There is a new law allowing school districts to request proof from the teachers union that it has the majority needed to qualify as the teachers’ exclusive bargaining representative. In essence, a union would have to prove that teachers actually want its representation. To this end, representative elections are likely now taking place all over the state.
At present, in order to comply with this law, the teachers union is allowed to conduct “card check” elections in which union representatives gather the signatures of both union and nonunion teachers on cards giving it the authority to bargain on their behalf. If the union gets the majority, it receives the privilege of bargaining for all teachers, both union and nonunion.
The legitimacy of “card check” elections is dubious, however. This type of “election” is conducted by union representatives with a clear stake in the outcome. Not only does the procedure threaten the intent of the law to ensure good faith bargaining, there is the potential for pressure tactics and the lack of ballot privacy to cause fear, anger and hard feelings among teachers who need to work well together for the sake of their students.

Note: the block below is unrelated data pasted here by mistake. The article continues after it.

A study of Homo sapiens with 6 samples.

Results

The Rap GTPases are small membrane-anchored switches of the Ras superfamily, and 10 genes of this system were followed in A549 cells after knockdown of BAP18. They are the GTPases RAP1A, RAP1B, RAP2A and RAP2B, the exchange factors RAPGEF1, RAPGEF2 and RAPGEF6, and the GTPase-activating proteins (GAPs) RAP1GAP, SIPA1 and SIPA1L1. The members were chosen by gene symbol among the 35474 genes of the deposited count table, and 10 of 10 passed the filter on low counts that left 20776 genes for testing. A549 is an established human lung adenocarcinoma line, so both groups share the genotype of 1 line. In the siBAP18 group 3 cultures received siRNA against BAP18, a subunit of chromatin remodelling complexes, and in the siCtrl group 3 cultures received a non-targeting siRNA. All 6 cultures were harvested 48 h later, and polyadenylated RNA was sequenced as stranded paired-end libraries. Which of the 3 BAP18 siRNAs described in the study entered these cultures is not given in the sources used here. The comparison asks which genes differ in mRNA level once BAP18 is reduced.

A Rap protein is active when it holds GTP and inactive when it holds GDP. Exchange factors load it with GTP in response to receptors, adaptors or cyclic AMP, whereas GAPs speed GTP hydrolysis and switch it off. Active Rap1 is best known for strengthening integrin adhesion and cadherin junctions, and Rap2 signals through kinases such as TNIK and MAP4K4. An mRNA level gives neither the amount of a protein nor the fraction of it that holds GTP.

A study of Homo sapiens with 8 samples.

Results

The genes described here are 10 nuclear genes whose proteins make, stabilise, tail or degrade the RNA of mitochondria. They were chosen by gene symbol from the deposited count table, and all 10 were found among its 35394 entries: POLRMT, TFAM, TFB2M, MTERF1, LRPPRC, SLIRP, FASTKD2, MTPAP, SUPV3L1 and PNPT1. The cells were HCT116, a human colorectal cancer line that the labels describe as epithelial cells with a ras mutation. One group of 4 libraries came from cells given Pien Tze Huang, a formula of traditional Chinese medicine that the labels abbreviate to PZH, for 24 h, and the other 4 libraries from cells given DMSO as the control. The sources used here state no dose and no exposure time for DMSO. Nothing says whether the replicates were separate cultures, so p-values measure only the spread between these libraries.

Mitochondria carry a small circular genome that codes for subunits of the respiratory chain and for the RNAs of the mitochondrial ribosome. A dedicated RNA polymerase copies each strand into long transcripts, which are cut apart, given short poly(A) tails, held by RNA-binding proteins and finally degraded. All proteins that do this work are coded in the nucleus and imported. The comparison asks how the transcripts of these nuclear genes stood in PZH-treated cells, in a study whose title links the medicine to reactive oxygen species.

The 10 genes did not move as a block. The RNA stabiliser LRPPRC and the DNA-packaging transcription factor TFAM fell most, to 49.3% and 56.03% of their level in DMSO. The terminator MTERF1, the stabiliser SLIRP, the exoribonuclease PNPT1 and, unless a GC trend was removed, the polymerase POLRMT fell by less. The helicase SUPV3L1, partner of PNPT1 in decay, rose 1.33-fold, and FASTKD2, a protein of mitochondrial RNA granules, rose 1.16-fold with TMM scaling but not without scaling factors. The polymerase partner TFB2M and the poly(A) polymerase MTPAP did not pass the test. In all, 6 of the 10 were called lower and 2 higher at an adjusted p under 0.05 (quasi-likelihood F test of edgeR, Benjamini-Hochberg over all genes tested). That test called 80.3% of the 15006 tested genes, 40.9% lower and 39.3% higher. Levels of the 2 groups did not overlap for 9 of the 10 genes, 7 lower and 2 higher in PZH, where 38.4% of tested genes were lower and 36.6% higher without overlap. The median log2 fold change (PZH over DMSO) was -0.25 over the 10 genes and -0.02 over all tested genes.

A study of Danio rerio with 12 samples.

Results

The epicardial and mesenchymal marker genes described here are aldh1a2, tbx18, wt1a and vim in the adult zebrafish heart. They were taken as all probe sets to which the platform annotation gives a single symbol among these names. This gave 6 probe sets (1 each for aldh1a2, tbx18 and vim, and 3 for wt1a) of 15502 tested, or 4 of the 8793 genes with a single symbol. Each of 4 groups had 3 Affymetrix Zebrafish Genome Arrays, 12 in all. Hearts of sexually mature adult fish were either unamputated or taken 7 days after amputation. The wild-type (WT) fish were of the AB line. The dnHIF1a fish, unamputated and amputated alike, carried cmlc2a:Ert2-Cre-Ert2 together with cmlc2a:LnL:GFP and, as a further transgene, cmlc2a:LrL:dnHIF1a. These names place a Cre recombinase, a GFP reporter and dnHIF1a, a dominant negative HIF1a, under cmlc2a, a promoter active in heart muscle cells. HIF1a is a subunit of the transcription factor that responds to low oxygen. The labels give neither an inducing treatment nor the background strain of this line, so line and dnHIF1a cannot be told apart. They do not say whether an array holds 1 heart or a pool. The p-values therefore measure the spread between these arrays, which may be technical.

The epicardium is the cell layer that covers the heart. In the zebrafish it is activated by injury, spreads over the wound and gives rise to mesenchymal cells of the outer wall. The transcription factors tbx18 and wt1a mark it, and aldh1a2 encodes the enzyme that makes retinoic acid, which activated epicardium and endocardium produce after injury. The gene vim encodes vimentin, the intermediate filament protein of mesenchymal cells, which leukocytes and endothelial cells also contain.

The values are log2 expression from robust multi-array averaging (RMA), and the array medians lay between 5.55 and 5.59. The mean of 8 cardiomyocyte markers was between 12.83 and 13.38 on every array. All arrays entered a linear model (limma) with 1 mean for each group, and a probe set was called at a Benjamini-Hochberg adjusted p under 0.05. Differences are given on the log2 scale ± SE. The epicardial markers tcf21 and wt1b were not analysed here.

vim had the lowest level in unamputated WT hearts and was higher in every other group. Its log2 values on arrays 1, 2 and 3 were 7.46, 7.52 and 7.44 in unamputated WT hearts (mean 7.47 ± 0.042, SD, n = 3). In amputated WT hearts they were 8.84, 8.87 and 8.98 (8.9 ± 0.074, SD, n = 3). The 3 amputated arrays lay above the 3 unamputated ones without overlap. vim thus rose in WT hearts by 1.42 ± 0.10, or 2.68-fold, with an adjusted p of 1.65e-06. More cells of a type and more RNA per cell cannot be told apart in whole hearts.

To increase the authenticity of representation elections and to foster trust, mutual respect, and effective collaboration among teachers, teachers are encouraged to demand and school boards are encouraged to require fair and free election procedures that will result in a valid proof of majority vote.
Suggested procedures include requiring that elections:
- allow multiple representation options, e.g., an Idaho Education Association (IEA) affiliate, a “local only” teacher association not affiliated with the IEA, or none at all;
- be conducted using secret ballots; and,
- are coordinated by a mutually agreed upon independent third party, such as an accounting firm, that would be responsible for ballot distribution, collection, and counting, and verification of election results.
Exclusive bargaining for all teachers imposes a union negotiated contract on all teachers whether they agree with it or not. At the minimum, teachers deserve to know that their bargaining representative can negotiate in good faith because it has been genuinely elected according to procedures that provide freedom from intimidation, namely, a secret ballot election conducted by an independent party.
This law was enacted to ensure that teachers are represented in good faith. We owe it to our beloved educators to give them a fair vote.